Mihra Rittman, HRW. Photo by Almas Kaisar.

Longing for Justice in Kazakhstan

A column by Human Rights Watch

Longing for Justice in Kazakhstan

January 2024 marks two years since Kazakhstan experienced large-scale anti-government protests, in which at least 238 people were killed. In the weeks after these events, dubbed “Qandy Qantar” (Kazakh for ‘Bloody January’), the authorities committed a cascade of human rights violations, from arbitrary arrests of protesters and others to torture and ill-treatment of detainees. At least six people died in custody.

Nursultan Isayev, 33, from western Kazakhstan, is one of nearly 1,400 people whose lives were upended by criminal prosecutions in connection with the protests, according to government figures.

In February 2023, a court in the city of Aktobe sentenced Isayev to 15 years for crimes the authorities allege he committed during the protests. However, courts have so far denied Isayev his right to a fair trial and authorities have dismissed his credible allegations of torture. An appellate court upheld his conviction, and Kazakhstan’s Supreme Court will conduct a preliminary review of his case on February 5.

Isayev was prosecuted on charges of “encroaching on the life of police officers” and “mass rioting.” The authorities allege that he tried deliberately to run over police officers with his car. Isayev says he did not intend to cause any harm. He told the court that he went to the square where the protests were taking place to see what was going on, but did not participate in mass riots, and later tried to move his car away from the tear gas and shooting in the city center.

In his testimony, Isayev said he was unable to see clearly after a bullet hit his windshield, and that he unintentionally bumped into a police cordon. Evidence is on his side, with a court-commissioned expert analysis and testimony showing that neither of the two officers he allegedly hit suffered any serious harm. During the investigation, Isayev and his lawyer petitioned to have the charges reduced to no avail.

Isayev also testified that after he was detained, police beat him to coerce a confession, breaking his ribs, knocking out his teeth, bruising his face, and giving him a concussion, actions that amount to torture under international human rights law.

Despite medical reports that corroborate his allegations, a preliminary investigation into his complaint was closed, with the prosecutor’s office finding “there was no crime” in the police officers’ actions.

Like Isayev, at least several hundred people who were detained in connection with the January 2022 protests have alleged torture and ill-treatment at the hands of police. Despite the significant number of complaints, only two dozen police officers have been held accountable to date.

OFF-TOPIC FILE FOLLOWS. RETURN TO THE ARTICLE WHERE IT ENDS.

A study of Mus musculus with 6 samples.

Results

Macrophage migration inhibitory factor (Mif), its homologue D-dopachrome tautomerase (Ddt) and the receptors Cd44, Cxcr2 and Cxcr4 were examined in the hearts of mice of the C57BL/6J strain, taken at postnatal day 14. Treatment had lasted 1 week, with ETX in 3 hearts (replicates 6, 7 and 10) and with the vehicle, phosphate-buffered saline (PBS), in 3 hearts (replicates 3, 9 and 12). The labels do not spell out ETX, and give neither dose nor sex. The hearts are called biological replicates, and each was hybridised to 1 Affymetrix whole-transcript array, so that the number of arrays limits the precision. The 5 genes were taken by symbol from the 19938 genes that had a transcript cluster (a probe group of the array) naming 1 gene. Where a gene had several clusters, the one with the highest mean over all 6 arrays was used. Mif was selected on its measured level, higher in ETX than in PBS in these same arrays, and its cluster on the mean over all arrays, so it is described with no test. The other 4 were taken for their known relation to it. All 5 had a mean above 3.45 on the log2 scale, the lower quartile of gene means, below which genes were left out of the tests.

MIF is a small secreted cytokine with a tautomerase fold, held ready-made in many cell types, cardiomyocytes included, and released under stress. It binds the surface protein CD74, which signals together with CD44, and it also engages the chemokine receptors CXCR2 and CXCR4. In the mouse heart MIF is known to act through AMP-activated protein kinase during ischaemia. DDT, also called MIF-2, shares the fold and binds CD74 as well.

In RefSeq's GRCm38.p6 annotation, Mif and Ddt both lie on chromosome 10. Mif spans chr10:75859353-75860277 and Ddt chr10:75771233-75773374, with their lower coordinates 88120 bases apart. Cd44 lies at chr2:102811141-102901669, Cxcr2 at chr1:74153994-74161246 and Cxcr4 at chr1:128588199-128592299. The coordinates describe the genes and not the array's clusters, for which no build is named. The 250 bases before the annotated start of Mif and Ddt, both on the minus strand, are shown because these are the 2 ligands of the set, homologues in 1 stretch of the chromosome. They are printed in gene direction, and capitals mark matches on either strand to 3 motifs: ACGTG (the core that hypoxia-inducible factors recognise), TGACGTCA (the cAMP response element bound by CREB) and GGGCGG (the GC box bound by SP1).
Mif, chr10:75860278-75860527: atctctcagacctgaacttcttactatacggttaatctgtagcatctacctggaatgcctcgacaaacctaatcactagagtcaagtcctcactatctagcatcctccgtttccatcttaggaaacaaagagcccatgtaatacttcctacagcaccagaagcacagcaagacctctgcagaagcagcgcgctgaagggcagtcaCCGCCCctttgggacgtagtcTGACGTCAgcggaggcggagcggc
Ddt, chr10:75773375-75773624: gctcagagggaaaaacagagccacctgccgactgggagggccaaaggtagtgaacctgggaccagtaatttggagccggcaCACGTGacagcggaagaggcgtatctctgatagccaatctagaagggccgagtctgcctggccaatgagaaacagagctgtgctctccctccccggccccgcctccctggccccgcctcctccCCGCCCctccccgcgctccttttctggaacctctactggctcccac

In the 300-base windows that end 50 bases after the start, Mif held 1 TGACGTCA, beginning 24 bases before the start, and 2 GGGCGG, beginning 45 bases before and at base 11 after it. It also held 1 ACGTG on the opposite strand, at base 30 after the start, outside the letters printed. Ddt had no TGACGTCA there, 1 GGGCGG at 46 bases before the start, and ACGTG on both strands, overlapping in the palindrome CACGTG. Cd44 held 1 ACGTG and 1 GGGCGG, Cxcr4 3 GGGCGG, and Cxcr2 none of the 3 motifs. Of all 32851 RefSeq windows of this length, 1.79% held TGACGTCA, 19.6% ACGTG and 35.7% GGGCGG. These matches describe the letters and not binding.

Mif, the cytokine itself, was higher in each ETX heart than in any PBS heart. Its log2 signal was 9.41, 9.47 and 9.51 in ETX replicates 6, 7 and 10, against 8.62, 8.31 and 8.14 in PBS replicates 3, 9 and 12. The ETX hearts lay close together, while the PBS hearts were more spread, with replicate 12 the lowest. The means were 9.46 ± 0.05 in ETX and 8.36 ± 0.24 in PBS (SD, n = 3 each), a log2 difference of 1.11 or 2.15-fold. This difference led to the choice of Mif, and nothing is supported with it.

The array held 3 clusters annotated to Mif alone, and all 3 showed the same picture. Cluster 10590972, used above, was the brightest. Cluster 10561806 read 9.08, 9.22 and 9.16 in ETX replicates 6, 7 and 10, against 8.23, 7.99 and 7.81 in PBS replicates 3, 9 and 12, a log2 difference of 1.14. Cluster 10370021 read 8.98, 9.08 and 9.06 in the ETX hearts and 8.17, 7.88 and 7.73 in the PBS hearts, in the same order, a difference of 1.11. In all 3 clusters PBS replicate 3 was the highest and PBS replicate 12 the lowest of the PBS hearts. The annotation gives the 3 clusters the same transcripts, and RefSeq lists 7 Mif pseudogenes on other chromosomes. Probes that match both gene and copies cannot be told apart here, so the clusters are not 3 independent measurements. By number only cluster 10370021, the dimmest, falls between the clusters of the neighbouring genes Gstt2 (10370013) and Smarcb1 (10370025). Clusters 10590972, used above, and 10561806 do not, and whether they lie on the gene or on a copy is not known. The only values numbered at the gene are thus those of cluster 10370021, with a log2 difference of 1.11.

Human rights groups have documented that Kazakhstan’s authorities beat, hooded, and burned detainees, including with clothes irons; administered electric shocks; and used sexual violence against both male and female detainees. The authorities have dismissed the majority of cases that were opened, with pro forma conclusions that there was “no evidence of a crime.”

And while Isayev was sentenced to 15 years in prison for apparently knocking into two police officers, the authorities in Taraz, Kyzylorda, and Shymkent have summarily closed investigations into the deaths of dozens of people killed in those cities during the protests on the grounds that the officers’ actions did not constitute a crime.

Kazakhstan’s authorities have also posthumously prosecuted at least 15 people in violation of their right to a fair trial.

On January 15, relatives of several of the people who were killed gathered outside the Presidential Palace in Astana demanding a meeting with President Kassym-Jomart Tokayev to voice their grievances. The authorities’ response was to arrest and fine them for holding an “unsanctioned meeting.”

Over the last two years, Kazakhstan’s government has repeatedly rejected calls for an independent investigation into human rights violations committed during and after the protests. Yet, Isayev’s case, and others like his, serve as an urgent reminder of the need for an independent and impartial investigation into the events and aftermath, no matter how much time has passed.

In an interview the president gave at the start of this year, he again expressed his view that “armed radicals, and terrorists” were behind the violence that occurred during the January 2022 protests. Such questionable assertions create further obstacles to justice for the 238 people who were killed, and the many others, like Isayev, whose allegations of ill-treatment and torture have been dismissed as unfounded.

Kazakhstan’s government would have us all turn a page on Qandy Qantar, and focus instead on the president’s promises of reform. But to do so would be to turn away from the suffering of people who are still waiting for – and demanding – accountability for violations against themselves and their loved ones that continue to have devastating impact today.

Isayev has another day in court and his lawyers are preparing their case. Optimists hope justice may prevail.

And for the many still waiting for and demanding justice, an independent and impartial investigation into the human rights violations committed during and after the January 2022 protests is as much needed today as it was two years ago.

Mihra Rittmann is senior Central Asia researcher at Human Rights Watch.